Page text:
Sri Lanka plans to restore growth to pre-crisis levels by 2026, according to the state finance minister, with policymakers aiming to meet a December deadline to present proposals that could help unlock an International Monetary Fund bailout.
Sri Lanka is experiencing its worst financial crisis since its independence from Britain in 1948, owing to economic mismanagement and the COVID-19 pandemic, which has wiped out the Indian Ocean island’s key tourism industry.
Shehan Semasinghe said in an interview at the Reuters NEXT conference that “we have a target, 2026 is the year we think we could go back to growth and look at a pre-crisis level.”
Shortages of essential items, chronic power cuts and soaring inflation led to widespread protests earlier this year, and forced former President Gotabaya Rajapaksa to flee the country and resign in July. His elder brother who was prime minister stepped down in April along with another brother, Basil Rajapaksa, who was finance minister.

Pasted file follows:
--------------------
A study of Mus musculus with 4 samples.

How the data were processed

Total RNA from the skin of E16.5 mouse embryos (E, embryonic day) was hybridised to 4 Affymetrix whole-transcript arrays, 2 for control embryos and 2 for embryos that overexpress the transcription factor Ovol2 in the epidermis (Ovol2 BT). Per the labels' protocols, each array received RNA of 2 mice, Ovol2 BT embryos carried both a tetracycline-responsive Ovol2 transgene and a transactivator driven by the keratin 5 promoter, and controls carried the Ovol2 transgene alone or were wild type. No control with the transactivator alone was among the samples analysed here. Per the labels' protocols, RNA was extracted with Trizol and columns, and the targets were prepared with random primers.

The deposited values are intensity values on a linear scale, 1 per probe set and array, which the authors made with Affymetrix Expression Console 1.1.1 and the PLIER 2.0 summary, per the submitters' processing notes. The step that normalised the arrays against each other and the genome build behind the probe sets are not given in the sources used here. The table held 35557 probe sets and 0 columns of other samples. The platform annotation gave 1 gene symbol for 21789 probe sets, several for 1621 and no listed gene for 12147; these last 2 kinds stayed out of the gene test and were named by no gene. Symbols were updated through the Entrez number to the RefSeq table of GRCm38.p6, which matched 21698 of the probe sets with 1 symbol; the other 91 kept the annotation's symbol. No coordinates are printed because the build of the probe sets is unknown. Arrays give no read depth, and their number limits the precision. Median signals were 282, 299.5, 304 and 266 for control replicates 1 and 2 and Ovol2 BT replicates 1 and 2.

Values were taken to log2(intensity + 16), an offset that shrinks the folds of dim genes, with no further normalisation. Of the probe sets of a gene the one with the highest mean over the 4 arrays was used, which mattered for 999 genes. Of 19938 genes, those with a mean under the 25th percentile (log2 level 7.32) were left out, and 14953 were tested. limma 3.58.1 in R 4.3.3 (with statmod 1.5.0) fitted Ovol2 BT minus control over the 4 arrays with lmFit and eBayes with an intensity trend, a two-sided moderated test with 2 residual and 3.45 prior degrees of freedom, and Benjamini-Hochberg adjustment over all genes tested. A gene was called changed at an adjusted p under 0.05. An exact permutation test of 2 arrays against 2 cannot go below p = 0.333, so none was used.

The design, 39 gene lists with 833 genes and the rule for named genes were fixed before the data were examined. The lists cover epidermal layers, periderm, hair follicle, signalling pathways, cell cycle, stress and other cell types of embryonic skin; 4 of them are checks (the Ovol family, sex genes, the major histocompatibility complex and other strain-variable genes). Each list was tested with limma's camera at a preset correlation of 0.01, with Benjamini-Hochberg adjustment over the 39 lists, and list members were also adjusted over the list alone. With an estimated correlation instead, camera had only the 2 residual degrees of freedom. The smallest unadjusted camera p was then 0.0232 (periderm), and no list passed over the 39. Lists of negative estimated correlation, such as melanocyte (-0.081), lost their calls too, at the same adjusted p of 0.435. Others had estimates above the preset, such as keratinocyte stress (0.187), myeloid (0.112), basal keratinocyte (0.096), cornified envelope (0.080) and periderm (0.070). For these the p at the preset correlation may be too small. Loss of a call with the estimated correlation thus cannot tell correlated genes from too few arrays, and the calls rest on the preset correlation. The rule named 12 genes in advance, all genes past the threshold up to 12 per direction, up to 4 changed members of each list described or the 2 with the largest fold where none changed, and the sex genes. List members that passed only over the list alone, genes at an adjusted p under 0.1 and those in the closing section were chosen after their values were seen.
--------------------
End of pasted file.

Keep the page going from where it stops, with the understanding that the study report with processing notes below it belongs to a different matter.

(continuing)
Rajapaksa’s successor, President Ranil Wickremesinghe has vowed to restore economic stability and return the country to a growth path.
“The budget presented for the year 2023 would set targets for 2025, making sure that by 2026 we should be in a better position,” Semasinghe said.
The government is talking with creditors about a debt restructuring that is critical before it receives a much needed $2.9 billion bailout package from the IMF.
Semasinghe said the government and the central bank are working tirelessly to meet a December deadline for presenting a proposal to the IMF board.
“This is our prime target,” he said.